Political Musical Chairs

City Council Member Jumaane Williams talks about what’s next for him

Nayaba Arinde | 9/20/2018, 10:18 a.m.
Be careful what you ask for!

Born in the Brooklyn and of Grenadian descent, New York City Council Member Williams has represented Brooklyn’s 45th District (including East Flatbush, Flatbush, Flatlands, Marine Park and Midwood) since 2010. A founding member of the Progressive Caucus, he is also deputy leader in the City Council, chair of the Committee on Housing and Buildings and co-chair of the Council’s Task Force to Combat Gun Violence, and he is a member of the Black, Latino and Asian Caucus.

“We shattered turnout records and expectations and we won New York City by more than all mayoral candidates combined in the 2013 elections,” Williams said just after his almost lieutenant governor win.

“We also received more votes than any person of more color ever in a statewide primary. And we very nearly won!”

Although he won downstate, Williams did not fare so well in the upstate regions. His results showed the great divide between the two areas.

“The results were amazing, kind of awe-inspiring,” Williams told the Amsterdam News Tuesday, in his first media interview. “We got the boroughs we wanted to get. We won New York City. It was impressive. We were looking heavily at Brooklyn, Manhattan and Queens.”

He did not carry Queens.

“We went against the Cuomo machine,” he said. “We went up against every county. We went up against almost every elected official. I am proud of what we accomplished.”

Will he still continue to run for lieutenant governor on the Working Families Party line?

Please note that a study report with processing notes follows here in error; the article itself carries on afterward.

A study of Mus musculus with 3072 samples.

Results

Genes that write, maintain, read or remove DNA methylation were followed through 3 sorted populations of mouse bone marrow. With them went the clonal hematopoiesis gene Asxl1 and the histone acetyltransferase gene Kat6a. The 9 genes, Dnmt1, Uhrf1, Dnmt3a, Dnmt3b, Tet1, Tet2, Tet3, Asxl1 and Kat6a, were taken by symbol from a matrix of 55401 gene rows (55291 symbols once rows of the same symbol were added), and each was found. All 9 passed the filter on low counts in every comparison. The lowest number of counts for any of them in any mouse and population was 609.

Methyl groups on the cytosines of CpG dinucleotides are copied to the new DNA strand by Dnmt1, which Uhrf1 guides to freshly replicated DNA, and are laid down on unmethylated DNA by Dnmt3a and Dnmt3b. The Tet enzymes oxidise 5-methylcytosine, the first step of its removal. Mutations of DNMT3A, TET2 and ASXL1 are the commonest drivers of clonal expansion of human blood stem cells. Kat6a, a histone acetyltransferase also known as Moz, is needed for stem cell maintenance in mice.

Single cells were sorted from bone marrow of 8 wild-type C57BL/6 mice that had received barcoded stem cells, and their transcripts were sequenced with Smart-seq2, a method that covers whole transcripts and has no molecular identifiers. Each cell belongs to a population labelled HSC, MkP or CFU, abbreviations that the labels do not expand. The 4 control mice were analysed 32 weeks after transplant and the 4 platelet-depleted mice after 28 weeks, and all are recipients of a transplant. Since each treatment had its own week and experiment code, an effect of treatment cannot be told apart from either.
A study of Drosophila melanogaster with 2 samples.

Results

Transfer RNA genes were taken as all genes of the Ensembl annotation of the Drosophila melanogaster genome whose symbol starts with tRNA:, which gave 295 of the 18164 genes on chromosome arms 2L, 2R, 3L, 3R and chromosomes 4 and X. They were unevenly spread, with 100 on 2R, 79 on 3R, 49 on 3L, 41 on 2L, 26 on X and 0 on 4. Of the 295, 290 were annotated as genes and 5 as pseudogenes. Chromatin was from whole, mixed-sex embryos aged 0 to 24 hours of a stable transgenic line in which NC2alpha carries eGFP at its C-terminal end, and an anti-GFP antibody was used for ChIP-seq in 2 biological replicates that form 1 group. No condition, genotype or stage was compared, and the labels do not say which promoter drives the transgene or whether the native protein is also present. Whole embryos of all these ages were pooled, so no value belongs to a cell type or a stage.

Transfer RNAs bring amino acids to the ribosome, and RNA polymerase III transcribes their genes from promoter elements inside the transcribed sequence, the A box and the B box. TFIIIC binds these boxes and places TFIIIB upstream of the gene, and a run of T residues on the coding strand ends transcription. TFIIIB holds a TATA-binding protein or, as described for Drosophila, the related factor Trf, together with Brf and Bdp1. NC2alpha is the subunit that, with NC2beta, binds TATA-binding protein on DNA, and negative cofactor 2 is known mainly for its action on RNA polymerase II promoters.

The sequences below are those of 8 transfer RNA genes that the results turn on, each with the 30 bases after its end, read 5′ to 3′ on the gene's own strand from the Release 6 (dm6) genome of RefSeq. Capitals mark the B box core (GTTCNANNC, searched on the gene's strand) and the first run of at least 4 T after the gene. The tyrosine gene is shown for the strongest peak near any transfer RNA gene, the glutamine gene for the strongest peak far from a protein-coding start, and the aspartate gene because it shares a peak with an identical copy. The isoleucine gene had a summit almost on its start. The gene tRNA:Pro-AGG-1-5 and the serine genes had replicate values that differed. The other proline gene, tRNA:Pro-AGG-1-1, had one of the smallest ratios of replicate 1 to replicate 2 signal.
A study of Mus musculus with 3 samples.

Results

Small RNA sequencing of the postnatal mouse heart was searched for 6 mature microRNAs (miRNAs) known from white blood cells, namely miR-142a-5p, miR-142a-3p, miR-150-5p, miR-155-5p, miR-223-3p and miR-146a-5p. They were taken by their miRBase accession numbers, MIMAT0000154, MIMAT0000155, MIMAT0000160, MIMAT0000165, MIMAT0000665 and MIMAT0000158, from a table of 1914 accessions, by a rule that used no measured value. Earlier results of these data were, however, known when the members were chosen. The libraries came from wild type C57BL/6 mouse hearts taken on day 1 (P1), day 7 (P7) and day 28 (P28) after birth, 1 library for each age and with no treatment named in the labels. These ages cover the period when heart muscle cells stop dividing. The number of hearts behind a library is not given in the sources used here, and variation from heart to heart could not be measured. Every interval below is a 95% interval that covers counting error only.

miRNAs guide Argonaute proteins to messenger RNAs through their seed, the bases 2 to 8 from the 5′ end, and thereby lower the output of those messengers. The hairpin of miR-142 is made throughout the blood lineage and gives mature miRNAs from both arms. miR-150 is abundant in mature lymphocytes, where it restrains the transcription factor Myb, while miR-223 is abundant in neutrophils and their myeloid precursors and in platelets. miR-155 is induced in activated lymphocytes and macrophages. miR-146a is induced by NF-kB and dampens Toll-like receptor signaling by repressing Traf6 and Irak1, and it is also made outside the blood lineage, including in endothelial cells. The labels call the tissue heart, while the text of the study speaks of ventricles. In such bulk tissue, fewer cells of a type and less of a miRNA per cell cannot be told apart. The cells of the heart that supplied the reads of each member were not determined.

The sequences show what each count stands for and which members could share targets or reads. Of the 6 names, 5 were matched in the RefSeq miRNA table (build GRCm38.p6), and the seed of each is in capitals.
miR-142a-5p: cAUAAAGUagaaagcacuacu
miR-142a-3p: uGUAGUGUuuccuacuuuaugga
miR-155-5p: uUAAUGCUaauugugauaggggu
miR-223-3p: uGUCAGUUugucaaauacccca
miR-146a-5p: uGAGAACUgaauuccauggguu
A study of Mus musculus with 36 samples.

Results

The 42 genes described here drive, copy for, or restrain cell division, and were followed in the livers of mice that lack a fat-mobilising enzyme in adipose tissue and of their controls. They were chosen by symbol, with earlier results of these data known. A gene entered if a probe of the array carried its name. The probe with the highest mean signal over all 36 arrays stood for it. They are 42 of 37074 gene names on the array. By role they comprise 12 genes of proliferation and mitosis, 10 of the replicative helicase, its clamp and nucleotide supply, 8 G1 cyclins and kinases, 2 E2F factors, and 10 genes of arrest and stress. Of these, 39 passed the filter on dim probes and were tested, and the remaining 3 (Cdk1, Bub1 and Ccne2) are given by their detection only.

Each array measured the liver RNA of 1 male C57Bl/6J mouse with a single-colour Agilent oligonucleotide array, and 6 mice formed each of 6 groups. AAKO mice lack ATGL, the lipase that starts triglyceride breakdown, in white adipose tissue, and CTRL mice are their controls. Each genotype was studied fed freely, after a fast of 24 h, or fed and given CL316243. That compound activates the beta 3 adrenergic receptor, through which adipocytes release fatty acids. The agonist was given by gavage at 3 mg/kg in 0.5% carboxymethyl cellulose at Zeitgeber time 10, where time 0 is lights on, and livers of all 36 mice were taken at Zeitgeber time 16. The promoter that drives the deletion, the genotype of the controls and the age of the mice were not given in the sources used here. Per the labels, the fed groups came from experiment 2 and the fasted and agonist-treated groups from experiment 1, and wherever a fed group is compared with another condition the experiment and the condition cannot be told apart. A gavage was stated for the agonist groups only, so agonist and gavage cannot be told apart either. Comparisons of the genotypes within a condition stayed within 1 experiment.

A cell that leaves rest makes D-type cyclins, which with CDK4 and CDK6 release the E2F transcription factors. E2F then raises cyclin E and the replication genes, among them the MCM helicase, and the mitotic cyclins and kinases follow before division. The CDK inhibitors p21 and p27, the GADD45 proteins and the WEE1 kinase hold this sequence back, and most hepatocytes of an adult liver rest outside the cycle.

“Those conversations are still happening, [compounded with] making sure that the Working Family Party still very much exists,” he said. “It is critically important. So, I think it is important that they are there as a check. And we have to make sure that we don’t assist in helping the Republicans.”

Reflecting on his own record, Williams said, “My career goal was to cause as much good trouble as possible, and make transformational change. I think in the past decade we’ve got some good things done. I am proud of that. We’ve had some leading voices in some critical times.”

Although some question Williams’ record, saying he has “flip-flopped” on some major issues, successes he claims include tackling police brutality and supporting the Cure Violence initiatives.

“I am most proud of what we have done with gun violence and the whole discussion that is changing the framework of what public safety is, and getting the funding to some of the community groups on the ground and looking at it as a whole public health approach, and cure violence as the model,” he said. “Of course what we did with policing is good for me as well, and my voice in the affordable housing crisis. And also the summer youth program.”

Asked if he really thinks that police and community relations have improved that much at all, he said, “I believe that there have been some dramatic changes from the last administration to this one. At the same two buckets which need significant attention and have not changed—and have some gone backward—are accountability and transparency. So that is my hope that it is time to get as much transformational change in those two buckets, as we have in other areas.”